This blog entry comes in response to a comment that was left on my blog that I am about to remove as I feel the comment leans a tad bit on the rude side. However, the person made one important note in their comment. And, that was that I shouldn't use autism as an excuse to be hindered or something along those lines.
Now, the truth is, I don't feel like autism hinders me. In my blog entry, I was trying to explain how I have been impacted and how other people with autism are impacted and how that shapes our view of the world. That entry was not meant as an excuse for me or anyone else with autism to experience life the way we do. I was trying to give the best possible insight into autism as possible.
The truth is that I hate to acknowledge autism as something that hinders me. But, sometimes there are ways that it does, and when that happens I try to figure out why that is and work on overcoming that even if that is challenging and very difficult for me at the time. My mantra is enthusiasm, confidence, and out of the comfort zone. And, I believe in pushing myself out of the comfort zone and beyond the boundaries or what may seem possible for someone with autism. I push myself a lot, and it isn't always easy.
With that said, I do not use autism as an excuse for anything. My blogs are here to enlighten others from my own struggles that I have overcome to get where I am at today. My number one goal is to give other people (especially individuals with autism) the tools so that they can empower themselves to live their life to their best potential.
Moving on, and with all of that out of the way, today, I would like to talk about the positive aspects of autism and how having autism is a good thing.
1. Autism allows us to stay focused--For many of us on the spectrum, we can stay focused on our passion for hours at a time and never get bored. To us, that thing is so incredible and awesome we never tire of it. We also usually approach things from a structured way, and let's say for instance we become a scientist, we can tackle some of the toughest concepts with incredible willpower and achieve amazing results. For me, I feel that having autism has enabled me to really focus on my memoir, stay focused on it and create a beautiful book that many other people will enjoy.
2. Autism allows us to form very deep connections with people--While autism is seen as a social disorder, it is a result of our social struggles that we can form very strong bonds with our friends. For many of us on the spectrum, when we make a close friend, we very much value the relationship. When it comes to intimate relationships, most of us are not playing games. We mean what we say and give the relationship our all. We open our hearts to the people that mean something in our lives and care about those people a great deal. Relationships are important to many of us.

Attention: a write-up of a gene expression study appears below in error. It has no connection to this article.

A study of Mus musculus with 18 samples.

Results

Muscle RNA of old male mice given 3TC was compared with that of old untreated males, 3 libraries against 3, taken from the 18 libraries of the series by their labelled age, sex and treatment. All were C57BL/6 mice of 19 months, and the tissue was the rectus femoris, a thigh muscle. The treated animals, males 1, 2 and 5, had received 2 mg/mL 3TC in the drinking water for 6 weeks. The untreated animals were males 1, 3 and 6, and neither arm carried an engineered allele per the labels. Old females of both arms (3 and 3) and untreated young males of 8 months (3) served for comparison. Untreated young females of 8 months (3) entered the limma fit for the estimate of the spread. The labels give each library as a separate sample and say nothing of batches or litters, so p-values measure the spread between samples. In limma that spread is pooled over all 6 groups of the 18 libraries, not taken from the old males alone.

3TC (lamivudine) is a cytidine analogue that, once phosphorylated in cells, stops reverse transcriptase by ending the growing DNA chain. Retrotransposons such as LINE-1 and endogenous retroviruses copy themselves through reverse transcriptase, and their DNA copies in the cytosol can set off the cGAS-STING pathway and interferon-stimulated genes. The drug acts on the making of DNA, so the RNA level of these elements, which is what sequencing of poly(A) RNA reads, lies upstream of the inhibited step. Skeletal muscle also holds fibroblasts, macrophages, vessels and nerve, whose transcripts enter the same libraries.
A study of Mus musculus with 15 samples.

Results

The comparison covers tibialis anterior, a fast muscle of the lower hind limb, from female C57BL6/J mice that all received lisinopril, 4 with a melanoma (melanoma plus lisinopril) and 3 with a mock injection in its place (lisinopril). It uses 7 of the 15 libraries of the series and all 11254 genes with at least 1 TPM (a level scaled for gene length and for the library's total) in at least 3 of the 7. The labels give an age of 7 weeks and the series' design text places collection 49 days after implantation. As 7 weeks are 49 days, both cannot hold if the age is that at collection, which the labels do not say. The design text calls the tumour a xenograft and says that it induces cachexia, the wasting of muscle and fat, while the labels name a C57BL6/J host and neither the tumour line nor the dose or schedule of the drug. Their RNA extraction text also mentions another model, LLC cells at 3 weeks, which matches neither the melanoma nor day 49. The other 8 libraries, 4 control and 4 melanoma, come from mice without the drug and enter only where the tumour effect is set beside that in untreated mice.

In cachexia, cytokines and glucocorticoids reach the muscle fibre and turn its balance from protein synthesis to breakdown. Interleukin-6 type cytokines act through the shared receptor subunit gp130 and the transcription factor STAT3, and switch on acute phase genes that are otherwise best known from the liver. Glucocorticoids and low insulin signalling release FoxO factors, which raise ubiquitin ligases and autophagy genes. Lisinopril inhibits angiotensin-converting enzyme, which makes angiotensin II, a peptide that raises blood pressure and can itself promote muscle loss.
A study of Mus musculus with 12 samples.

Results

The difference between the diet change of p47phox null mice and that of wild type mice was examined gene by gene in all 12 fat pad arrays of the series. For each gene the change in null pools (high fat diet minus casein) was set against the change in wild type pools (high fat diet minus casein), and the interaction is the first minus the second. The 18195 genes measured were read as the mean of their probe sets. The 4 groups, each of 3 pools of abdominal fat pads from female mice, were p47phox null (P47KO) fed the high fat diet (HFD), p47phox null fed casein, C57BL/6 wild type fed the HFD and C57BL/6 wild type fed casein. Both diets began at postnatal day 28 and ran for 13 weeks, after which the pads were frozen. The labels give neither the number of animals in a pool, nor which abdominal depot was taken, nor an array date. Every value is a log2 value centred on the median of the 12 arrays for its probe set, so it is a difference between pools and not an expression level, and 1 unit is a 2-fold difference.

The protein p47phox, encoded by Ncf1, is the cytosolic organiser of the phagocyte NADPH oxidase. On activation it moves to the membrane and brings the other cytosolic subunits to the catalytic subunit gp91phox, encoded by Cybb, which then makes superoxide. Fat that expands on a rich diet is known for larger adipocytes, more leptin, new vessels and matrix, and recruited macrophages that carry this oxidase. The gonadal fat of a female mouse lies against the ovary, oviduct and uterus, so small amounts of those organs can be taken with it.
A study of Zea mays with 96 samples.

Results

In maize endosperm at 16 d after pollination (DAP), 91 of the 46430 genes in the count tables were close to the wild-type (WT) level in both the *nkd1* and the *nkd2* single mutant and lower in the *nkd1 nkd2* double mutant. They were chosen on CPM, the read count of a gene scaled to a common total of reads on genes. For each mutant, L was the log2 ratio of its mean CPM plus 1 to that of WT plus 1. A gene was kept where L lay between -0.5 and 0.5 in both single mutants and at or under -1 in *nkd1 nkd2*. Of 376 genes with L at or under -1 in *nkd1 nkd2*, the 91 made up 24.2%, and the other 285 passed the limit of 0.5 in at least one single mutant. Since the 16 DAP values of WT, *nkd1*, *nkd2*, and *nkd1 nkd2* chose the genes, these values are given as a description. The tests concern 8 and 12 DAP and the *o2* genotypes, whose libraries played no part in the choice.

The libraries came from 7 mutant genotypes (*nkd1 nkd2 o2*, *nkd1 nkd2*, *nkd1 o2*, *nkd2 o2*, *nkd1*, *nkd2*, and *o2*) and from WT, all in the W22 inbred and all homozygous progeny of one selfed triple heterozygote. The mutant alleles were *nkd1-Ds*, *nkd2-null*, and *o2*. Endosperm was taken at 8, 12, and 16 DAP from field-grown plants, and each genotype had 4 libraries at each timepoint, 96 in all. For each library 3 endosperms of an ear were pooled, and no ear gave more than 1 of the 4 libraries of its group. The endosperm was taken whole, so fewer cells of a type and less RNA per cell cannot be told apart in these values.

3. We don't allow emotions to get in the way--For most of us, when it comes to weighing in on important decisions, we rarely allow our emotions to sway us. For many neurotypical people, emotions can play a large role in their decision making. I think that some of us on the spectrum would make good judges because we don't allow bias to get in the way. We look at the facts and makes informed decisions instead of emotional decisions. This decision-making process also prevents us from getting into trouble like some neurotypicals sometimes find themselves in as a result of peer-pressure.
4. We have incredible memories--Many of us on the spectrum can remember certain things very well. For some of us, we might remember the names of everyone we ever met. We might remember the capital of every country in the world. For me, I used to be able to recall an incredible array of facts as they pertained to Star Wars. Some of us have incredible near-perfect photographic memories.
5. We achieve what we set out to do and are very good at what we do--For most of us, when we get an idea in our head, we don't give up on that idea until it becomes a reality, no matter how far-fetched the idea may seem at the time. Thomas Edison probably had autism and he tried over 10,000 times to get the light bulb to work. He succeeded. Howard Hughes had incredible visions for airplane designs. He accomplished his dreams. Also, many of us with autism do an incredible job in whatever field we are in. To an extent, many of us are perfectionists, but in certain fields this type of approach is very important and much needed.
Well, that is all I have to say today. I thank you for reading today's blog entry and wish everyone a most awesome day of awesomeness!